Posted: 2:03 PM, Dec 11, 2019
Updated: 2019-12-11 17:03:20-05
Netting at baseball stadiums to protect more fans

For most of baseball's history, protective netting at stadiums only covered field-level seats behind home plate, which are typically the most expensive seats in stadiums.

But a number of notable instances of people being struck by batted balls, some of whom were young children, has prompted baseball teams to expand netting.

During Wednesday's MLB Winter Meetings, Commissioner Rob Manfred said all 30 MLB teams will now expand netting to extend "substantially" past the dugouts. This announcement goes beyond a 2015 study which recommended netting extend from dugout to dugout.

Some teams were already planning on expanding netting in 2020 with several teams planning on expanding netting from foul pole to foul pole. The Washington Nationals announced in June plans to expand netting down the lines.

In the last two years, two notable incidents seemed to prompt action from baseball officials.

In 2017, Todd Frazier, then of the New York Yankees, drove a foul ball down the line, which struck a girl behind the third-base dugout. The incident drew an instant reaction from players.

"I don't care about the damn view of a fan or what,'' Twins second baseman Brian Dozier told reporters after the game. "It's all about safety. I still have a knot in my stomach."

Then in May, Chicago Cubs hitter Albert Almora struck a toddler sitting down the left-field line. The incident caused Almora to drop to his knees in grief as soon as the ball left his bat.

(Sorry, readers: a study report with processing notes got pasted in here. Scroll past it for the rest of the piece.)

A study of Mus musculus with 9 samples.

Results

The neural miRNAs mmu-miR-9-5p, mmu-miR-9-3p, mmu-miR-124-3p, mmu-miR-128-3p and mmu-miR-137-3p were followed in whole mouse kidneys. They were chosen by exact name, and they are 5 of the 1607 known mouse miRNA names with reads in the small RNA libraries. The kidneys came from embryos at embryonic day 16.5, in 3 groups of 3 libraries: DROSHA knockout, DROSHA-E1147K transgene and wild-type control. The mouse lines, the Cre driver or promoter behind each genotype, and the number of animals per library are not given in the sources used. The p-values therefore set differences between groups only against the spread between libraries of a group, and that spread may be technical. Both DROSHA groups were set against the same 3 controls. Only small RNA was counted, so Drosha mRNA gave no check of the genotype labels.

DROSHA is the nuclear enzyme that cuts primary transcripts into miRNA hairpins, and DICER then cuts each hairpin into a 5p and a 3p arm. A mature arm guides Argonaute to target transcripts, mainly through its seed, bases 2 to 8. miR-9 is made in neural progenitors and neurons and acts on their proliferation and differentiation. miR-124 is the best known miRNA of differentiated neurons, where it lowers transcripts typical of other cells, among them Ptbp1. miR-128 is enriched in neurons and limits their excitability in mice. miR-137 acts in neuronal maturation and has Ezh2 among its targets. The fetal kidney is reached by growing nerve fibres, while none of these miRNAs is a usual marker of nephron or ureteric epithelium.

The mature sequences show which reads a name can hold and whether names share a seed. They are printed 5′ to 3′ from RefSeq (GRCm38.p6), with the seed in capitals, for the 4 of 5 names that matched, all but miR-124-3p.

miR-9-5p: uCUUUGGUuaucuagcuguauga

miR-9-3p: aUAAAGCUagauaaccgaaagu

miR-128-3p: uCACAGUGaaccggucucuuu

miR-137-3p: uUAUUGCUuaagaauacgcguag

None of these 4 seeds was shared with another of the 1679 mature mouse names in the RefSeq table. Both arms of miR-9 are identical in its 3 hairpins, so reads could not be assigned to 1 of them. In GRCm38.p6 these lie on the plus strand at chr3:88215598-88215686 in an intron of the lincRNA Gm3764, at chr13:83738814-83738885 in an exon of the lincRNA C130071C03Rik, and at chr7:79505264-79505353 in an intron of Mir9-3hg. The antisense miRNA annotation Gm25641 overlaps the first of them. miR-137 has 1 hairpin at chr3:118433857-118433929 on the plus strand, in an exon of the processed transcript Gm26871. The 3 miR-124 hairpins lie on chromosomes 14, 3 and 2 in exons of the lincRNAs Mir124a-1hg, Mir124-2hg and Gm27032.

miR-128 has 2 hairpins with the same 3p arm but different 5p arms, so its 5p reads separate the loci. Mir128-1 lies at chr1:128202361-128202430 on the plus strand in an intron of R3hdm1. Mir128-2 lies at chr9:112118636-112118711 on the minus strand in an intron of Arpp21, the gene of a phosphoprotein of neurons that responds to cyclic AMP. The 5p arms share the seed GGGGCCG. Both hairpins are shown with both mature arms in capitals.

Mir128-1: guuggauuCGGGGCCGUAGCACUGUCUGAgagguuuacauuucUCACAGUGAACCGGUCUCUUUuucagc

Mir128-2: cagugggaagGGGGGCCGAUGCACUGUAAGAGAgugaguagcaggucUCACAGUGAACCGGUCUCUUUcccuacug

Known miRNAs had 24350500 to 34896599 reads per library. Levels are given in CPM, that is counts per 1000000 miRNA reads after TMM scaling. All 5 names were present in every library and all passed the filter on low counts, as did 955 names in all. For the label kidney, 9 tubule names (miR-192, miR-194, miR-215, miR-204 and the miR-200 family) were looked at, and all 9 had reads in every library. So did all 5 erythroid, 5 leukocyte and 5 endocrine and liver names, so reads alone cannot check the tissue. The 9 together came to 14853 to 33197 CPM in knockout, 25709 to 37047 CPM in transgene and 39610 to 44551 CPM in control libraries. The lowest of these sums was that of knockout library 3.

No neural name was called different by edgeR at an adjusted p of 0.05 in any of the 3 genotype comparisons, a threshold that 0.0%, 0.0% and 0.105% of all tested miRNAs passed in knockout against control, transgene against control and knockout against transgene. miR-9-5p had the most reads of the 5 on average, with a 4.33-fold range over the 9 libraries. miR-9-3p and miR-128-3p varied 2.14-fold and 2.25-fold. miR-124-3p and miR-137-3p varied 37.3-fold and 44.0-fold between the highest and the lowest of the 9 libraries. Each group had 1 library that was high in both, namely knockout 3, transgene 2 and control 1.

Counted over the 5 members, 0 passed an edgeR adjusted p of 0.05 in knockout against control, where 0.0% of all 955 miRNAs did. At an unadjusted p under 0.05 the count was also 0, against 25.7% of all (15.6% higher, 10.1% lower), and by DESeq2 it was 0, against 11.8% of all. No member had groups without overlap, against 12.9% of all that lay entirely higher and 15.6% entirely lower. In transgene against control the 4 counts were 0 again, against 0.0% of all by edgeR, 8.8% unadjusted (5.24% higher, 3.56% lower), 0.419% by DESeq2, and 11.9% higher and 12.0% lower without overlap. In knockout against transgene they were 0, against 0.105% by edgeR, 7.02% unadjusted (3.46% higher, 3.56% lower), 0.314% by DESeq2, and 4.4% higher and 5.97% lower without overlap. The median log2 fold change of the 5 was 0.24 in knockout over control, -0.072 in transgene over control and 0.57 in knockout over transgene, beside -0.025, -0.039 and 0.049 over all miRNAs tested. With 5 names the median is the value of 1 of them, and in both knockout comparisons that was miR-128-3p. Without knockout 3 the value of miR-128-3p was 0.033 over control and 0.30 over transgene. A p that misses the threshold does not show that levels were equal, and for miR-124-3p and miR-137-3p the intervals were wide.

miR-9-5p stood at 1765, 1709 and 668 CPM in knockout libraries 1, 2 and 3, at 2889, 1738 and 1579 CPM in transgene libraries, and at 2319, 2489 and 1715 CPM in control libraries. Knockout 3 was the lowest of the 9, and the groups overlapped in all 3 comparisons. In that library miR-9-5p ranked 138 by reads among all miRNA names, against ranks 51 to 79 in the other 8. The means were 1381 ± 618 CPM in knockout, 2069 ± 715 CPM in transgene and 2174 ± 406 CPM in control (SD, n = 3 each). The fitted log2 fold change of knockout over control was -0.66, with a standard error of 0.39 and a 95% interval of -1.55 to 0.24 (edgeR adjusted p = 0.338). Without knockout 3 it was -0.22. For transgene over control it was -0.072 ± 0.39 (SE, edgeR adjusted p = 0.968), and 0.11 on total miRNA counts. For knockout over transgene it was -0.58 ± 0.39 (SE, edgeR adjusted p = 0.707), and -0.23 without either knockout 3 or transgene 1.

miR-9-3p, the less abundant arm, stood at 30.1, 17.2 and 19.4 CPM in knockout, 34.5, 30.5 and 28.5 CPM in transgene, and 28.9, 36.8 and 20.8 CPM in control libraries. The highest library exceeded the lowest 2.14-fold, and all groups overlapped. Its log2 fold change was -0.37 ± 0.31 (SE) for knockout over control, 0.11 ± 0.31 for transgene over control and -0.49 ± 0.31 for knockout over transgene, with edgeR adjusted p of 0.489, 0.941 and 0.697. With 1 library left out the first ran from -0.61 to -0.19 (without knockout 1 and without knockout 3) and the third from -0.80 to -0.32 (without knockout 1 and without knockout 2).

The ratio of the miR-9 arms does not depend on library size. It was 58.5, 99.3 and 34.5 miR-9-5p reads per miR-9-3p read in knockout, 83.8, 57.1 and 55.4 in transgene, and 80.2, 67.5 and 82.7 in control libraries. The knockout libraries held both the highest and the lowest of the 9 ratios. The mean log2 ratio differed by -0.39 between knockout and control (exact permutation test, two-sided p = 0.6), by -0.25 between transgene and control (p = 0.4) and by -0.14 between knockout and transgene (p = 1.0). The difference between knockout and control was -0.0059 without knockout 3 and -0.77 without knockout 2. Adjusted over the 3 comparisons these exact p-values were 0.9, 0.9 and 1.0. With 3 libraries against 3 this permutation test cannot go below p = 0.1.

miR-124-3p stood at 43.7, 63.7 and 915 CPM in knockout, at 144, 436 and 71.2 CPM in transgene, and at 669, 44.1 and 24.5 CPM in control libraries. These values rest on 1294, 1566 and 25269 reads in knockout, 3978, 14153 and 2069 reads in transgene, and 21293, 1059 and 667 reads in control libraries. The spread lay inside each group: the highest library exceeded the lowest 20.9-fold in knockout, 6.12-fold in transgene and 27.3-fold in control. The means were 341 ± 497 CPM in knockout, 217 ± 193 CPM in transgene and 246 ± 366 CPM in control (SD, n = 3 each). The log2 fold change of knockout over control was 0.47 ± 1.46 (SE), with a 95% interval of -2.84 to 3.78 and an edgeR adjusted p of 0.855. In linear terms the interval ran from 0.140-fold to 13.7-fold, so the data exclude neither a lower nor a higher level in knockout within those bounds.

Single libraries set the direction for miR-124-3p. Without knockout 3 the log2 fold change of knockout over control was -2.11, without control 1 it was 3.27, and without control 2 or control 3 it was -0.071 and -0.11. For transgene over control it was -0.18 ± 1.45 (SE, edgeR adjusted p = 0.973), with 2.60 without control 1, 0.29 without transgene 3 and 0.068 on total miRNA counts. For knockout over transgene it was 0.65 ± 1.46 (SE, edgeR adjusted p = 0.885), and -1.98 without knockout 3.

The child was carried away to receive medical attention. According to MLB.com reporter Brian McTaggart, Almora went to a security guard to find out the child's condition. He then shared a hug with the guard and multiple teammates.

The incident involving Almora was part of the reason why the Nationals decided to take action on expanded netting.

"Over the past few weeks, we have seen several fans injured by bats and balls leaving the field of play at other stadiums," Nationals owner Mark D. Lerner said back in June. "I could not help but become emotional last month watching the Astros-Cubs game when a 4-year-old little girl was hit by a line drive. I can’t imagine what her parents must have felt in that moment. And to see the raw emotion and concern from Albert Almora Jr. was heartbreaking. Further extending the netting at Nationals Park will provide additional protection for our fans."

Even with the risk to fans of serious injury at baseball games, the expansion of netting has been controversial. Some fans argue that expanding netting obstructs the view from the seats, and takes away opportunities to catch foul balls.